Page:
A leader until the end; Dr. Norman Francis gives keynote address during Opening Convocation

Arriana McLymore | Editor-in-chief

Hampton University’s 73rd annual Opening Convocation kicked off with a procession of eager seniors, the sounds of the University’s choir and an introduction by the chairperson of the Committee of Ceremonial Occasions, Dr. Karen Turner-Ward. Opening Convocation serves as the official start of the school year. It is a time for seniors to reflect on their time at Hampton University, while gaining inspiration for their future from fellow peers and guest speakers.


This year’s keynote speaker was the President Emeritus of Xavier University of Louisiana, Dr. Norman C. Francis. Francis has been affiliated with Xavier University for more than 60 years. He served as the university’s president for 47 years, the longest of any university president in the United States. “President Emeritus Francis is a legend in higher education,” said Dr. Turner-Ward. “He has contributed to so many people being able to follow their dreams.”


One of the many people Dr. Francis has inspired is the president of Hampton University, Dr. William R. Harvey. “Having always been a student of leadership, I wanted to gain additional, first-hand knowledge of how to successfully lead an institution of higher education from someone who is doing it and doing it well,” said Dr. Harvey. “That someone whom I chose first was Dr. Norman C. Francis.”


Dr. Harvey went on to shadow Dr. Francis for a day at Xavier University before becoming the president of Hampton University. The two later developed a friendship that would last for decades. “Dr. Norman Francis has proven to be a friend, a leader, a counselor [and] a mentor to me for all these years,” said Dr. Harvey.


In June, Francis was awarded the title of President Emeritus by the Xavier University of Louisiana Board of Trustees. The name is given to individuals who have served the university in an exceptional capacity. “Dr. Francis has left an everlasting mark upon this university, and thus, it is fitting that the Board grant him this perpetual honor” said Michael Rue, the chairman of Xavier’s Board of Trustees.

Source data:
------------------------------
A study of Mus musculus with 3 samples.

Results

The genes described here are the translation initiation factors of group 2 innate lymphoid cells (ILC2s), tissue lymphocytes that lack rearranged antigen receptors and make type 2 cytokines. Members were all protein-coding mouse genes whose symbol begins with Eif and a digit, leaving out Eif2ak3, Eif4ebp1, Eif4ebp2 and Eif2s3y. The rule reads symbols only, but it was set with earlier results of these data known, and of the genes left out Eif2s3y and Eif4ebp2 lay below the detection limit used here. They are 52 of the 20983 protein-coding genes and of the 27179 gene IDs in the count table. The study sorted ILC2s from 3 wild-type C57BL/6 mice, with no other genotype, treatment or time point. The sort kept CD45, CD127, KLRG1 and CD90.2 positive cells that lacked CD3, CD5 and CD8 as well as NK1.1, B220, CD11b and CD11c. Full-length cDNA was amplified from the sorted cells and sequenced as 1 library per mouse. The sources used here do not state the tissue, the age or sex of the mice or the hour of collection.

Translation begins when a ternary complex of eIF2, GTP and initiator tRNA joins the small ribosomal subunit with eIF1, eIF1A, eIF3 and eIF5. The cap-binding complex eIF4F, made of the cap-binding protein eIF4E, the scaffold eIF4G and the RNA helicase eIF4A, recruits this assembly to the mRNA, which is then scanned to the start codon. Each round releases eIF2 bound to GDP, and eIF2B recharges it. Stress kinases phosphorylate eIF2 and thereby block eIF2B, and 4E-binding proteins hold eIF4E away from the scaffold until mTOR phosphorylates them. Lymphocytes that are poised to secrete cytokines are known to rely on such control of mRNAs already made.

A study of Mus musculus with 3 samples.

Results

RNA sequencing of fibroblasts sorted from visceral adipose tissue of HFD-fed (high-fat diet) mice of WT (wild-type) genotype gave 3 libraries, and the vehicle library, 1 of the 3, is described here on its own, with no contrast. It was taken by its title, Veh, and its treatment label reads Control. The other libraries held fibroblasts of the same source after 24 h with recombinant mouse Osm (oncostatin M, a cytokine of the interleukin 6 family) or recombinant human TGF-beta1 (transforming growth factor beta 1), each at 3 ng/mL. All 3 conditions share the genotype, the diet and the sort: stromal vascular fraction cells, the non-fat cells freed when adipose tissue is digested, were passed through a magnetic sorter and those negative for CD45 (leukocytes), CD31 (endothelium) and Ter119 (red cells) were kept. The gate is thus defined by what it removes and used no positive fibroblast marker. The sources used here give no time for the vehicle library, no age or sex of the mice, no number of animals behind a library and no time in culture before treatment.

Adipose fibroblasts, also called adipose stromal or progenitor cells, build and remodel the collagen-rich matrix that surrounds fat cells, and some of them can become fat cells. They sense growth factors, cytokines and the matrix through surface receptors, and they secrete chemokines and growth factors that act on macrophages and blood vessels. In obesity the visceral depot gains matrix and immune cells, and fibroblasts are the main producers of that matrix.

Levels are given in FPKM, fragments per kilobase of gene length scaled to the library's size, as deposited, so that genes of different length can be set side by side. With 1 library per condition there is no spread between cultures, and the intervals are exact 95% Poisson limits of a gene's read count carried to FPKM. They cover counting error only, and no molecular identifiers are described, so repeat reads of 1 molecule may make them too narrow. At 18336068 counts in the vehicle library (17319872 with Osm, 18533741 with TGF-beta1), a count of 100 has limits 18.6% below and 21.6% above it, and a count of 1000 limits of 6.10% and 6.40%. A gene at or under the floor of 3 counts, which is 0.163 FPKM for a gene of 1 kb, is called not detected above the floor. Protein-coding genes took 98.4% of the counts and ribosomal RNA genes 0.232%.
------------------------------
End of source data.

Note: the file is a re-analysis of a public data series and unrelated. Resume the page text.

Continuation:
Under Francis’ leadership Xavier University’s enrollment has tripled and its endowment has increased from $20 million to more than $160 million. The university now leads the nation in sending African- American students to medical school. Xavier University also known for awarding more Doctorate of Pharmacy degrees to African-American’s than any other institution in the nation.


Dr. Francis’ greatest challenge came in 2005 when Hurricane Katrina devastated New Orleans and flooded Xavier’s campus. Francis led efforts to rebuild and rapidly reopen the university, which resumed classes in less than six months. “It is a significant landmark [having Dr. Francis],” said Dr. Turner-Ward. “Hampton University, during that time, accepted students from various schools that had been affected by Hurricane Katrina. We supported them and we supported the students and we supported the areas.”


Dr. Francis opened up his keynote address describing life when the decision of Plessy versus Ferguson reigned supreme. He went on to tell about growing up in Louisiana as a poor Black man with a thirst for education and greatness. “Throughout that time, I never lost faith in myself, I never lost faith my God, and I never lost faith in my country,” said Dr. Francis.


Francis went on to present seven topics to the class of 2019. He spoke about leadership, commitment to service, disparities in the quality of life, poverty, quality education as a civil rights issue, the difference between equality and equity and the importance of historically Black colleges and universities in today’s society. “You are the change agents; you are going to be the ones who are going to make the difference,” said Dr. Francis in his closing remarks.


During Hampton’s Opening Convocation Dr. Francis was conferred with an honorary Doctorate of Humane Letters and received a standing ovation for his legacy.